Mid-range class, Art Deco style – and the ghosts of good-time girls.
So, I asked the owner of the Meurice as she served us breakfast one morning, what’s the story of this place? She was a smart lady, attractive in a snappy trouser suit. Of course, she was going to say that it had been a notable’s town-house. Lawyer's residence or something similar. These small, dignified central hotels always were.
“Well, until just after the war, it was a brothel. High class, of course,” she smiled. I can’t quite put my finger on why, but this seemed a whole lot more interesting than lawyers. Or even buttered croissants.
“Older people living in the street can still remember the big cars pulling up and the gentlemen getting out. Then, in the late ‘40s, the government shut the maisons closes and that was that. I’m not sure it made the world a better place....”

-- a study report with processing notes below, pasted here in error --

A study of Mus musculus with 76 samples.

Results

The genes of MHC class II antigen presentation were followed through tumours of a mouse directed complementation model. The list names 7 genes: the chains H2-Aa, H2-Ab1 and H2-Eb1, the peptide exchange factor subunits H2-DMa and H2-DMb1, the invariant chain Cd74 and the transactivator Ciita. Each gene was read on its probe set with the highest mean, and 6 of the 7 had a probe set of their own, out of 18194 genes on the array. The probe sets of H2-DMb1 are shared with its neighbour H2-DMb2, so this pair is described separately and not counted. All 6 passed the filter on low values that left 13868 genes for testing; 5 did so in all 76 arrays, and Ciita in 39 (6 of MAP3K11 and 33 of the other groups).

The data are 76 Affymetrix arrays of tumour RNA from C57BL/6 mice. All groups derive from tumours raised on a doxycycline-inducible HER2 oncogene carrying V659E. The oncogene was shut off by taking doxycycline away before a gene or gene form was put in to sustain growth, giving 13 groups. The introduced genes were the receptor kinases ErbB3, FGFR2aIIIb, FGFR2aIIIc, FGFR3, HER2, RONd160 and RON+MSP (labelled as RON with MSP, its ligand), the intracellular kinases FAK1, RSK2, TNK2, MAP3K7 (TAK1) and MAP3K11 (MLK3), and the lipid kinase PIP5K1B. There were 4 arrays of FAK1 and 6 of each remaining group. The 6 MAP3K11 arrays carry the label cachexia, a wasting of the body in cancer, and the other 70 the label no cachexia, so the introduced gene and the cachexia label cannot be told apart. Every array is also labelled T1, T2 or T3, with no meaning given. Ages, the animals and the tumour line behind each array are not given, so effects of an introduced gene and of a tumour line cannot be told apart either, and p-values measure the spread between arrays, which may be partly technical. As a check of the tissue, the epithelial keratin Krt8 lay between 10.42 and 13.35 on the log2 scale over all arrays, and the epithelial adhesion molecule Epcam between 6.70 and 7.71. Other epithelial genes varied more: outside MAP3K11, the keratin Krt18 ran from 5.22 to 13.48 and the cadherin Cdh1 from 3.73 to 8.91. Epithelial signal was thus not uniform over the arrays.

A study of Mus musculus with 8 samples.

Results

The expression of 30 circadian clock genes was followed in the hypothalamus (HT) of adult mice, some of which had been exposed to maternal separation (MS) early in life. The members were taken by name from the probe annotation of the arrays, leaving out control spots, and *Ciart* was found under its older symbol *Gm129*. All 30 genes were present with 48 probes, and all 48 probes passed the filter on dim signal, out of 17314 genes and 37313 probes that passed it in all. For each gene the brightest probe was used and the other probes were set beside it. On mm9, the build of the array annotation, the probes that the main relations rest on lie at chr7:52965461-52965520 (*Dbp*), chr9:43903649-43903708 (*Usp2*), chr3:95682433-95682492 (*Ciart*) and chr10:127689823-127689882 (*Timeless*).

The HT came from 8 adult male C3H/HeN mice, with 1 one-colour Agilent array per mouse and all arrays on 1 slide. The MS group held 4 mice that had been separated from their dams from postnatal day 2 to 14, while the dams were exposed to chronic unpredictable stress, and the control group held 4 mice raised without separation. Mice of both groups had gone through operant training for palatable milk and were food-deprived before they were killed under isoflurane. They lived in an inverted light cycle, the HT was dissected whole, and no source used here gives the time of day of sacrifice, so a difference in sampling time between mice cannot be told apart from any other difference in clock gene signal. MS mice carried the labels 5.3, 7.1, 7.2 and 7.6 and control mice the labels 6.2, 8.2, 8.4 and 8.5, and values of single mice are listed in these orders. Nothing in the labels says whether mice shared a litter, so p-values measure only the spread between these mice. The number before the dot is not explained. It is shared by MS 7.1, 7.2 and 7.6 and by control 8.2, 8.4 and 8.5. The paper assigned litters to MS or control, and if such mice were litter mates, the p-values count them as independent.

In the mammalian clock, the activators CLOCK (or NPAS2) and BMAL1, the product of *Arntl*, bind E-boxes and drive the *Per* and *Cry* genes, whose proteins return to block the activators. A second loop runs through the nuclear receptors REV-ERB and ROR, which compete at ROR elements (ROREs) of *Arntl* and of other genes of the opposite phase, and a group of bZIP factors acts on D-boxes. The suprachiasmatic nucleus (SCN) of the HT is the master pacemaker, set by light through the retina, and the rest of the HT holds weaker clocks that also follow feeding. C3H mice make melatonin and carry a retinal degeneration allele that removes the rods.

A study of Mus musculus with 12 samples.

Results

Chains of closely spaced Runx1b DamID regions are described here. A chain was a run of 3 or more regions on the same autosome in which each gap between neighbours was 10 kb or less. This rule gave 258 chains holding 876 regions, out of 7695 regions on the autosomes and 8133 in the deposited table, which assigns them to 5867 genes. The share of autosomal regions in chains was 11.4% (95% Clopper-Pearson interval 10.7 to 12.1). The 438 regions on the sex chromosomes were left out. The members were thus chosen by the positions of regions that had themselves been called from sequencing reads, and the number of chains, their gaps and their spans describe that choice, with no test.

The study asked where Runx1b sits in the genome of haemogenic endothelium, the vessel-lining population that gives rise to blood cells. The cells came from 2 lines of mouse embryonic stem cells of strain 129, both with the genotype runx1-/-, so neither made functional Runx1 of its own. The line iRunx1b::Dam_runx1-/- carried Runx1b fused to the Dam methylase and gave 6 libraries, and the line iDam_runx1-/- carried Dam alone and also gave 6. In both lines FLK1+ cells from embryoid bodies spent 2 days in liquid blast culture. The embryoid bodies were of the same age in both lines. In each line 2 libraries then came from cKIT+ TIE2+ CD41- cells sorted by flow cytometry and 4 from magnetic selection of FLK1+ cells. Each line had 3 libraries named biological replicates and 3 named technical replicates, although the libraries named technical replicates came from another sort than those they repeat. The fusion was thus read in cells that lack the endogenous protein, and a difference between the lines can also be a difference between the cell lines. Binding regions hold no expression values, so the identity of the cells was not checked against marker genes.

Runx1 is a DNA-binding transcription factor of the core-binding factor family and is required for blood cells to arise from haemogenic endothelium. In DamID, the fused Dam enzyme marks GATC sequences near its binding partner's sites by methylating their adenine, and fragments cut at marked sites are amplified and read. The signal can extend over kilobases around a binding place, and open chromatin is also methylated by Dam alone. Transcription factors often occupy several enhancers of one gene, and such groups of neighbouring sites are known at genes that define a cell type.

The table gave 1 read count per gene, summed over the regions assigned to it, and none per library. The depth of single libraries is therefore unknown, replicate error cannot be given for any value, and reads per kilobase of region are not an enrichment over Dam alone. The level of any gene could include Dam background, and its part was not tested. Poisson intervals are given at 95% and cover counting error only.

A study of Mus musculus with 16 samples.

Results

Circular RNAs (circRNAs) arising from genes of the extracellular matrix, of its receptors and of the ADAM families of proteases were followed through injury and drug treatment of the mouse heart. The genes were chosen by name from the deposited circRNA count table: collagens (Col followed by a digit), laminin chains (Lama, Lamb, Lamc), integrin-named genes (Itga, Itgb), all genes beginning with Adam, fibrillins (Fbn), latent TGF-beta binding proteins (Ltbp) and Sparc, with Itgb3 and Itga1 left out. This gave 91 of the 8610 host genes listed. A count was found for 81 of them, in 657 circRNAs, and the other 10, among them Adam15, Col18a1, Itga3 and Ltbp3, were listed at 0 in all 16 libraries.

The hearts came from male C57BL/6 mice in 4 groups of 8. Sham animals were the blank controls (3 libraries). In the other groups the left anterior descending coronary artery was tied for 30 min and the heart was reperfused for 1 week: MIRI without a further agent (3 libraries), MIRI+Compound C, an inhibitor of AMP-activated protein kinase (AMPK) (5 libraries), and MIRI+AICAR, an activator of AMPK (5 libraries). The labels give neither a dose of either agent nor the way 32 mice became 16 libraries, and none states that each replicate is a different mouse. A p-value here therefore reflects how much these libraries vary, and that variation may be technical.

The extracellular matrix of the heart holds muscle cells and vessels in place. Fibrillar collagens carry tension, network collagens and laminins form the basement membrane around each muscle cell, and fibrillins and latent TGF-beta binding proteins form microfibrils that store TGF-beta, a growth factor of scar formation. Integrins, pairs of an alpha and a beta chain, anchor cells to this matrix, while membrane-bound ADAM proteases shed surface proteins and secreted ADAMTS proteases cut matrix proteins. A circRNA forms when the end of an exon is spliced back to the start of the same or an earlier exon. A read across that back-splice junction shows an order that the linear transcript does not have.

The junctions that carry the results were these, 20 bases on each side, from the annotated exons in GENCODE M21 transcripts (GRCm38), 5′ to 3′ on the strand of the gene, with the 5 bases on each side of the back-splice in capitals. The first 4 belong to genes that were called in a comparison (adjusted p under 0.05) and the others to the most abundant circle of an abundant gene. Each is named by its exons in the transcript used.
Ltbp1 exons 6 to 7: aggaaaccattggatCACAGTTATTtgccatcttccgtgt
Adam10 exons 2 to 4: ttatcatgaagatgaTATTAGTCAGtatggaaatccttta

Please don’t worry, ladies (or gentlemen, for that matter). The place is as respectable as can be today, and in a terribly respectable district – five minutes from the sea and the old town, bang in the middle of the classier shopping zone.
But trace elements of ancient friskiness survive, whether in the Art Deco frontage and vintage iron-cage lift – both redolent of a less concerned age – or in 23 rooms of a certain retro charm.
They’re recently renovated and fresh in colour, but with beguiling femininity which could lead your imagination astray, were you so weak as to let it.
The Meurice is pretty compact: go for the Harmonie rooms or, better still, junior suite, if your budget can stand it. Breakfast is agreeably served in the lounge area of Reception. The staff – both the owner and the bloke who replaces her behind the desk – ensure the atmosphere remains charming and civilised. And you’re handy for just about everything.
In short you get … well, I was going to say “a pretty decent bang for your buck”. In the circumstances, I won’t. I’ll just say that I was happy there and so was my wife – and no more virtuous woman ever walked God’s earth.